MADISON – An idea hatched during an engineering class at the University of Wisconsin-Madison promises to reduce waste in a common industrial mixing process. Epoxy and hardener, which must be mixed just before application, are used in a broad range of industries, including construction, manufacturing – even dentistry.
These epoxies are blended in a “static mixing” nozzle – so named because it has no moving parts, says Eric Ronning, CEO of Re Mixers Inc., which was incorporated Dec. 27, 2016.
Upwards of 70 million static mixing nozzles are sold in the United States every year because epoxy quickly sets inside nozzles often and plugs them. The nozzle technology has changed little since the 1970s, Ronning says.
Ronning had his “eureka” moment while listening to Professor Tim Osswald discuss the shortcomings of static mixers in a class on plastics at UW-Madison.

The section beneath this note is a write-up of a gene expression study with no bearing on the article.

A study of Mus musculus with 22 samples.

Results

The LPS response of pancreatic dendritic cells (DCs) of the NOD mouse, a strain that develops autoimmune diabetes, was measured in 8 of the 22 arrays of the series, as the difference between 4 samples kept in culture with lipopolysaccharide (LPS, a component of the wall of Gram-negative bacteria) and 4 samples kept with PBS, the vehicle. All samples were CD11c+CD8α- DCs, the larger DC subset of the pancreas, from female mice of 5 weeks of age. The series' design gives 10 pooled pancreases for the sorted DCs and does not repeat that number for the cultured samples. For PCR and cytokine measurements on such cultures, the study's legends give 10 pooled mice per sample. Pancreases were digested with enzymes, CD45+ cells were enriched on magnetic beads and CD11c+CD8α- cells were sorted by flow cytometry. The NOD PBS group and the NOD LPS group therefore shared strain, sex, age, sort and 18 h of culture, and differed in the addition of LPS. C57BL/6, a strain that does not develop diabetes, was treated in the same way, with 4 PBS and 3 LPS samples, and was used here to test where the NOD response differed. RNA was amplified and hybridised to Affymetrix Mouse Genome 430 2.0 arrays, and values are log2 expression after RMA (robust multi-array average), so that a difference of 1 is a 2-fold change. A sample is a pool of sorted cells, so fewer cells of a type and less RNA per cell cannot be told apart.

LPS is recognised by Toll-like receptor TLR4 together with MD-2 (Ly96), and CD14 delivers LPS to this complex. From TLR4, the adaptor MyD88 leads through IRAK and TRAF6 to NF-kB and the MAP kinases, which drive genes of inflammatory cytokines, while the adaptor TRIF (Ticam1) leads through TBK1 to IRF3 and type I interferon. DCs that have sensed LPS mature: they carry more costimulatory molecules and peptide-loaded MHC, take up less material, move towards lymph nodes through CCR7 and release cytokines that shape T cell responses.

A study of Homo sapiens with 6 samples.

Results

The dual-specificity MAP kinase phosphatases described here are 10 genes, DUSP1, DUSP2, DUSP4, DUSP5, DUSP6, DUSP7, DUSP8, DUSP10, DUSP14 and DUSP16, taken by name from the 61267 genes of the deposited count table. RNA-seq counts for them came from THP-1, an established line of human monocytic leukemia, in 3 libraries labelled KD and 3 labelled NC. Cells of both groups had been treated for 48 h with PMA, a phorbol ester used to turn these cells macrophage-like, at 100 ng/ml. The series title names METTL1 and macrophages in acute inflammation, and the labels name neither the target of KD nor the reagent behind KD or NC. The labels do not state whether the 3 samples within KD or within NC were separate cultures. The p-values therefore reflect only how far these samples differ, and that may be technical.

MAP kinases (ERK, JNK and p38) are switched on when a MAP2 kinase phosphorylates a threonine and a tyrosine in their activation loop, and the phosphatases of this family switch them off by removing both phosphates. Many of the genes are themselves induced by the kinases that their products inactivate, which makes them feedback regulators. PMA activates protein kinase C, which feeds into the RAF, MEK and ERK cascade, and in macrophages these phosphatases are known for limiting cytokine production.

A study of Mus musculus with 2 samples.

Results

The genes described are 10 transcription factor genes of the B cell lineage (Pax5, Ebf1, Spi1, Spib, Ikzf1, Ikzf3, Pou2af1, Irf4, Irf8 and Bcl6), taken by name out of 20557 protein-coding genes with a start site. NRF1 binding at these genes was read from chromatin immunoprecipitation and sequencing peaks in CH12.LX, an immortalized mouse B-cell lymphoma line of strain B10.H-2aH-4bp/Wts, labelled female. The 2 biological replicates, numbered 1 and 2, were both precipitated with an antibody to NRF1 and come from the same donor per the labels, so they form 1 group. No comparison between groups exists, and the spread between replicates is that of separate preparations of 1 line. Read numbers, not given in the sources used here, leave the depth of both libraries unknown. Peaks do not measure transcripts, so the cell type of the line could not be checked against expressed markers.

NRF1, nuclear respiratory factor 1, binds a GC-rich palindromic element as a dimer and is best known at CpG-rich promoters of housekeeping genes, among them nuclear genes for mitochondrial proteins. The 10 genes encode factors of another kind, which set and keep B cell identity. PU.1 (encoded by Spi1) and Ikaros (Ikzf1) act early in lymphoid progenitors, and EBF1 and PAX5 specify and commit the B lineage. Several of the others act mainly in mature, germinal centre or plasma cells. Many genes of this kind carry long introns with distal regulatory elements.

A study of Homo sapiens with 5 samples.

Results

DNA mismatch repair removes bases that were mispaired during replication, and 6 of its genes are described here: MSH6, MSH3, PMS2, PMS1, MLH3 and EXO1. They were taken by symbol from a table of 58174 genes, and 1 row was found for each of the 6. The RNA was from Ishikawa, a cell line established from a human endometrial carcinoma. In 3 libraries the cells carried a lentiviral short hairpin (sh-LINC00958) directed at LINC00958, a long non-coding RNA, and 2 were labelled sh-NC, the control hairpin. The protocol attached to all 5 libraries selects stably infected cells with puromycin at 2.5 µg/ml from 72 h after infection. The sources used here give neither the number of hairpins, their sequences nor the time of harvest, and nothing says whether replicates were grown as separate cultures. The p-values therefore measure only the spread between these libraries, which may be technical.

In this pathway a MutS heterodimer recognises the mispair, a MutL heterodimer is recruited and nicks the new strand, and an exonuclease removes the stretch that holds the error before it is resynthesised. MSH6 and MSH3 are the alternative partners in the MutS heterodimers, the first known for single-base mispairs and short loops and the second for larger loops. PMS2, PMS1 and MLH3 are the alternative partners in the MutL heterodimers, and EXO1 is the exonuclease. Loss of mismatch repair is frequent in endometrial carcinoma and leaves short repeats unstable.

As he pondered the problem of quickly and thoroughly mixing two fluids, he realized that the problem was more interesting than it sounds. “Mixing is such a fundamental, basic action, but what is the most efficient way to do it? With a static mixer, there are not many factors to play with, not many tricks to employ.”
Mixing, whether active or static, is something that 2-year-olds enjoy, Ronning says. “It’s a natural process. If you are standing in a river and gently release a handful of sand, you can expect all of the individual grains to be dispersed as they flow downstream. But aside from the water itself, there aren’t any moving components along the riverbed. That’s a good way to envision what happens inside a static mixing nozzle, where there also aren’t any moving components.”
Static mixing and epoxy adhesive are critical to strong, lightweight construction in laptops, cellphones, cars and bikes, Ronning says. “These products could not exist in their present form without static mixers and the adhesives they make possible.”